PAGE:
When in Miami we obviously had to add to our long list of food tours that we’ve participated in across the world. Having lost count of European encounters, we brought our love of learning about what we eat stateside and whilst they may have been slightly bias, locals led us to believe that we’re in the best state of the USA to do this. Reflecting on the Miami Culinary Tour of South Beach, we have to agree.
With only 90 miles separating the most southern point of Florida and Cuba, plus a wide array of South American influences and Mexican restaurants on every street corner, it was far from the stereotypical view that burgers, pizzas and corn dogs entirely make up the American palette (although we had all of those at least once during our time there too).
Starting proceedings off at Columbian restaurant, Bolivar, we moved through to Italian and Cuban spots around South Beach’s famous Washington Avenue, Collins Avenue and Ocean Drive. The wealth of knowledge by our incredible food tour guide, Ela, left us with too much to put into this post. At every stop and also in-between, we were brought everything South Florida’s culinary communities have to offer as well as the culture and tradition behind those doing the cooking.
At Bolivar we tried our first ever Columbian empanada with smoked beef potatoes, jabanero and ceviche – a delicious combination of crunch and softness, the yellow turnovers full of seasoned pork and beef perfectly added to by the hot spice from the habanero sauce.
On to the bustling Ocean Drive and having been toured through the beautiful Art Deco district, it was time to settle in for course two. It doesn’t take a food expert to see that the majority of the restaurants on this strip are tourist traps. Pictured menus, staff out on the street attempting to lure you in with a happy hour deal and exaggerated Cuban decor – it’s got all the usual signs but yet everywhere seems so, so busy. However, amongst the indifference is Larios on the Beach, where we’d try the Cuban comfort food of malanga chips with beef stew, potatoes, onions, peppers, white wine, tomato sauce, raisins and olives.
The next two stops on the food tour were influenced by somewhere a little closer to home – Italy. Having Inter-railed through our favourite European country in the summer of 2018, we were lucky enough to learn all about the history of their world famous foods, which made us impressed with our first stop at Rosetta Bakery, but not so with the second at Mammamia Gelato.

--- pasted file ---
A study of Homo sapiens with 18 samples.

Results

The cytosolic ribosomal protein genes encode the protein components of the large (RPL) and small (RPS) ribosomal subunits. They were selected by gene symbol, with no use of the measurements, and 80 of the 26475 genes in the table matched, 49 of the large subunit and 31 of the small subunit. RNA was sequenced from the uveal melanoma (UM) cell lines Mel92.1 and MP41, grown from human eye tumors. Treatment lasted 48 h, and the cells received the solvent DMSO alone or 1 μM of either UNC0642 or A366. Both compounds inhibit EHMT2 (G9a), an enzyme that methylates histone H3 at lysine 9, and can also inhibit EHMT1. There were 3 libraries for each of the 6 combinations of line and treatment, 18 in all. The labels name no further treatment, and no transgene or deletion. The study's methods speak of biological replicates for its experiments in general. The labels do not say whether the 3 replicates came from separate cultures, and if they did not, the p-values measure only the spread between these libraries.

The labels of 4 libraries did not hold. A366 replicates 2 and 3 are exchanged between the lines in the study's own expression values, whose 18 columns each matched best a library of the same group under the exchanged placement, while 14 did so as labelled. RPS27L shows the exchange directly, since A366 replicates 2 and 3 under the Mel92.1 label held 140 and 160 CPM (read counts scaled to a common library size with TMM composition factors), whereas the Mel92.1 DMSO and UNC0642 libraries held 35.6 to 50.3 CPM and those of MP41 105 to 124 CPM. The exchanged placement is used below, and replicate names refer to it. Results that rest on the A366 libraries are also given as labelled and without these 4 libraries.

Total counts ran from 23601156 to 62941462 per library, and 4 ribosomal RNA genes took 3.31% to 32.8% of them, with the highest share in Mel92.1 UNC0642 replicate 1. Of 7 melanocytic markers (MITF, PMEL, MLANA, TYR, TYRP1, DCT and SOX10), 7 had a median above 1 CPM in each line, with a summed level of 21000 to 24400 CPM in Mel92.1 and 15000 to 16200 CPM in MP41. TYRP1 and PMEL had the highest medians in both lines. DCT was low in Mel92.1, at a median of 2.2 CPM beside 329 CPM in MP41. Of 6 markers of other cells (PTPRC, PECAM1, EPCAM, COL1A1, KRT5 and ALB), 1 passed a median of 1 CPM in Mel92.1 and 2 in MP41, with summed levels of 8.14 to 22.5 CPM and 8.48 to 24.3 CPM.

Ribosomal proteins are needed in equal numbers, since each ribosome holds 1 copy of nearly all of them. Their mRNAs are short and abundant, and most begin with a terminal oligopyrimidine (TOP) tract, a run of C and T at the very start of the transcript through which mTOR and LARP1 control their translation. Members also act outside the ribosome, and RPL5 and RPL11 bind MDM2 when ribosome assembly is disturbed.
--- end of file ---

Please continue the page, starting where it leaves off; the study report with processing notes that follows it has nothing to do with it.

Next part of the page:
Quoting our Roman Food Tour post… “if you ever have gelato in Italy, or in fact anywhere in the world there two are golden rules…
1. Do not go for the places that have the “gelato” whipped up and piling high over the containers. Instead, look out the metal tins which keep the gelato at the right temperatures and are not made with un-natural ingredients and preservatives which gives the fake stuff its look.
2. Only choose gelato which has natural tones, not bright, vibrant and shiny colour. This is again down to the quality of the ingredients that are used to make it.”
Unfortunately, Mammamia was clearly not authentic but it was guilt-trippingly enjoyed.
We ended our two and a half food tour at Abuela’s Kitchen, a walk by window Cuban coffee outlet. It was getting pretty late on in the evening so we were lucky that caffeine doesn’t majorly affect our ability to climb walls – we were about to try the strongest of Cuban espressos, albeit it in very small amounts. Always served with a healthy (or not so healthy) dose of demerara sugar, it is extremely popular in Miami and the Florida Keys, often shared whilst socialising out on the street or with a newspaper in hand. We definitely should’ve tried it in the morning but it gave us the energy needed to get back home and send our step count over 27,000 for the day.
Thanks so much to Miami Culinary Tour’s for having us – it was a wonderful evening mixing with a a small group of people from all corners of the world basking in the glory of some wonderful food. Highly recommended.